While in the works for a while, today’s formal announcement by FCC Commissioner McDowell that he will be departing the FCC leaves a hole in the FCC’s ranks that will be difficult to fill. In many regards, Commissioner McDowell was a throwback to an earlier time, both at the FCC and in Washington, in that his tenure was distinguished not just by his congenial nature, but by an abiding adherence to his regulatory principles, rather than to reaching a particular result. While I suspect he might bristle at being described as a “rational regulator”, preferring instead to be known as a “devoted deregulator”, Commissioner McDowell represented a common-sense approach to the communications industry and the business of regulating it.
Since the job of a lawyer is to obtain for a client the best result legally possible, you would think that lawyers would be big fans of the “predictable vote”–the commissioner whose policy positions are so embedded that there is little doubt as to where they will stand on any particular issue. And of course, if three of the five commissioners are on your side of an issue, that’s a pretty warm and fuzzy place to be. The problem, however, is that for every time three of the five commissioners support your position, there will be a time when three of the five do not.
For that reason, an experienced lawyer will always prefer an inquisitive and open-minded regulator over an ideologue, even when it is an ideologue that agrees with you (today). While the independent-minded regulator will make you work to persuade them each and every time, the opportunity to persuade them is never foreclosed. If you fail to persuade them that your cause is just, then the failure is yours, and not just the result of an agency formalizing a preordained result.
Over the years, the FCC has been blessed with a number of commissioners that have been particularly good at compartmentalizing natural biases, and giving the parties before them a full and fair opportunity to make their case. Probably not coincidentally, many of these same commissioners have had both a healthy sense of humor and humility, putting those around them at ease and creating an environment conducive to an open and lively discussion of the issues. A final characteristic found among this select group–and helpful to anyone in Washington–is the ability to separate the advocate from the issue, recognizing that just because you disagree with the argument that the advocate must make today on behalf of a client doesn’t diminish the advocate who, like the commissioner, is just trying to do their job to the best of their ability, and will have to make a different argument on behalf of a different client tomorrow.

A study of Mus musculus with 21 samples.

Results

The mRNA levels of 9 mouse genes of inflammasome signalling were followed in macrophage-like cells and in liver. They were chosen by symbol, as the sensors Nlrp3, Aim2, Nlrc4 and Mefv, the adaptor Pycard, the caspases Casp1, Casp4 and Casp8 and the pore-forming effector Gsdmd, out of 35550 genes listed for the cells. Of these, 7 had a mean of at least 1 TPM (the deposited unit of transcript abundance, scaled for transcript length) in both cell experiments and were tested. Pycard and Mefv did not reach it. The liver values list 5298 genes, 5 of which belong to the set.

Unfortunately, these characteristics are rarely those that will get you nominated by a President, or see you through a partisan confirmation process, so commissioners with all of these characteristics will inevitably tend to be the exception rather than the rule. Because of this, Commissioner McDowell will be missed by many who work at, and with, the FCC. In a town where some individuals have countdown calendars marking the number of days remaining in a particular government official’s tenure, it is perhaps the ultimate backhanded Washington compliment that the most arresting part of Commissioner McDowell’s departure announcement was where it noted he had been at the FCC for “nearly seven years.” It’s hard to believe it has been that long.